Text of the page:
Friday, October 12, 2007

Parties and religions don’t exist absent people. They are products of people. I don’t think you judge a movement based on people per se, but you can judge it based on how its constructed by the people who make it up. The republican party of Lincoln is not the same republican party today, no more than democrats today are the same as democrats from the New Deal era. Sometimes this is subtle changes designed to attract new followers and other times it a whole sale shift in values such as democrats on civil rights or republicans on nation building.

With Christianity it’s no different. Christians today have little theologically in common with say Aquinas or even Paul. At a basic level they share some similar beliefs such as the existence of Jesus, but concepts such as the trinity, the nature of Jesus, original sin, and the method of salvation, have undergone wholesale revision from time to time. A lot of which has to do with changing understandings of morality and the nature of the world. For example, the idea of Jesus can be seen as a response to the growing difficulties with the sacrificial system of atonement. Remember in ancient Jewish society the way you made up for wrong acts was through the killing of ostensible innocent animals, and occasionally captured people. Like most tribal societies they had a god who enjoyed sacrifices, controlled events, etc. Not really different form Baal, Ra, or any other.

What Christianity added to the mix was the novel idea of a universal sacrifice. No more did one have to off some goats to appease god. The problem is that it relies on the same odd understand of how to make up for wrong doing. The idea that the suffering of the innocent can absolve the guilty is a crime itself. Not only that, but at a threshold level it just doesn’t make any sense. If you did something wrong to me, say stole my car, how would killing my kid, or, ostensibly, part of myself, in anyway absolve you from stealing my car.

Even if we grant that such suffering does absolve wrongdoing, Jesus just doesn’t seem to cut it. In a sense god took part of himself, a part that had always and would always be part of him and sent him to earth for an incredibly short period of time. Short from a natural history perspective and from a 30 years vs. infinity perspective. After a relatively happy 30 years he underwent a few days of admittedly painful torture, though not nearly as long or as a severe as others have gone through. He then was dead for three days before returning to Heaven. Again, how that makes up for others wrong doing, either before Jesus, or especially after, doesn’t really make sense. Instead it just seems like an easier way of being Jewish. No sacrifice, no weird dietary/clothing laws, no actual punishment.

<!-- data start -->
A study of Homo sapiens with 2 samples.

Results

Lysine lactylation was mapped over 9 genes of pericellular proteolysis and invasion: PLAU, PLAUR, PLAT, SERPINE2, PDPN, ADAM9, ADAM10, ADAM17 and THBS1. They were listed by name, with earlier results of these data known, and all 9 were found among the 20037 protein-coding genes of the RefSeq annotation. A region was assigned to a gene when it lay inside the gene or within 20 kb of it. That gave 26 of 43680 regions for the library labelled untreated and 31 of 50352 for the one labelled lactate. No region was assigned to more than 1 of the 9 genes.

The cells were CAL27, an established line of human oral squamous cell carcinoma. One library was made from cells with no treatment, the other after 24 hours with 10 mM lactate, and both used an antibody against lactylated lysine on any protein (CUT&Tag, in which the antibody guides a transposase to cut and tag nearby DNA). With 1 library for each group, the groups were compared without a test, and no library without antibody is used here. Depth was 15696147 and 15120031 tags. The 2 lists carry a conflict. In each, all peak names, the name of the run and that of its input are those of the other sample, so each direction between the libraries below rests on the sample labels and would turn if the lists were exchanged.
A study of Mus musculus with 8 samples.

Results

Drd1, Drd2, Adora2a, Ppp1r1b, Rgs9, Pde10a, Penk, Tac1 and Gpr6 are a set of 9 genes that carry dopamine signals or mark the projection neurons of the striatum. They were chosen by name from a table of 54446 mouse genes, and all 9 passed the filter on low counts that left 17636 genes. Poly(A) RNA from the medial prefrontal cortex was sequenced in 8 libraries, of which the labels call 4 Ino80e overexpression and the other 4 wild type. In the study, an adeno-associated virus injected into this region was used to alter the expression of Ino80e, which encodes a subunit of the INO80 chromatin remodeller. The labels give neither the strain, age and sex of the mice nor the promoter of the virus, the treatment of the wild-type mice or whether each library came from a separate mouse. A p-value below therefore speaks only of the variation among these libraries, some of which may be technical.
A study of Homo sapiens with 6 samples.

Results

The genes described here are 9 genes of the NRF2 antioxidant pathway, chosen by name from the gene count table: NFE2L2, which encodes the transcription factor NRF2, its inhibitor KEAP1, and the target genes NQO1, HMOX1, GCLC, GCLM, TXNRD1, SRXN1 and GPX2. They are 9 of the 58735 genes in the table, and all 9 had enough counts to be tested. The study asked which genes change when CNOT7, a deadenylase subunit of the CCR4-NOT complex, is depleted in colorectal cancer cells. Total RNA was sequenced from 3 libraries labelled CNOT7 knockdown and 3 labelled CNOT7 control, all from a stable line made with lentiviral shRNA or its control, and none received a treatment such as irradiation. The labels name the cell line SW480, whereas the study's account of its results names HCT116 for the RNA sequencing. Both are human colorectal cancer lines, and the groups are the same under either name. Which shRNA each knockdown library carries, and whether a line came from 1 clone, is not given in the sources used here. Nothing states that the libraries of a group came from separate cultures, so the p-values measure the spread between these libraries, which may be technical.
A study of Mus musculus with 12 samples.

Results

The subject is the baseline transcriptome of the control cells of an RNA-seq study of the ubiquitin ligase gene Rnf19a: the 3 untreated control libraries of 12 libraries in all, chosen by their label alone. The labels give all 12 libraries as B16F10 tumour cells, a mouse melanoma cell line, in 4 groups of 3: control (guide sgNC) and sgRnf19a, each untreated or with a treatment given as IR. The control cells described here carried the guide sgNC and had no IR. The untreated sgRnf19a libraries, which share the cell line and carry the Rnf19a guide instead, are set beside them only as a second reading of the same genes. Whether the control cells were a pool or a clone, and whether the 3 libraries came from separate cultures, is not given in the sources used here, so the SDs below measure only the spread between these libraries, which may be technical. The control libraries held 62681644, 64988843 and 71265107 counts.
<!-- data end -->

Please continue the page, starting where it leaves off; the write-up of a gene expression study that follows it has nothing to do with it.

Personally I only really care what people believe when it affects me or society. If someone wants to believe that they get to live forever because god’s kid had a bad weekend, that’s fine with me. However I do care when they use that to try and restrict the rights of my gay friends, force me to accept their beliefs, or suppress our efforts to discover scientific truths. Whether its Muslim fundamentalists or born again Christians both can’t seem to grasp that the rest of us are quite happy even though we don’t think as they do.

This generation has exponentially more access to knowledge than any other in history. If anything the effects of this are only beginning to be understood and so far I think people are underestimating them. The Barna study sheds some light on what’s to come though.

For example, I can right now access the entirety of human genome, read every scientific article ever published, and see all the pictures ever taken by the Hubble space telescope. I don’t accept evolution and big bang cosmology because an expert told me so, I accept it because I have seen the evidence myself. What was once the providence of god (weather, sickness, eclipses, the existence of life) now have explanations, and we are close to understand so much more.

This makes the job of religion ,with its simple stories of minor miracles, mediocre creation, and ancient fables, quite difficult. What might have impressed a stone age farmer, or even a 19th century peasant, just doesn’t impress those of us with access to the real knowledge provided by reason and science. Even though we might not ever understand it all, the wonder created simply by trying is so much more satisfying the complacency created by saying ‘god did it’.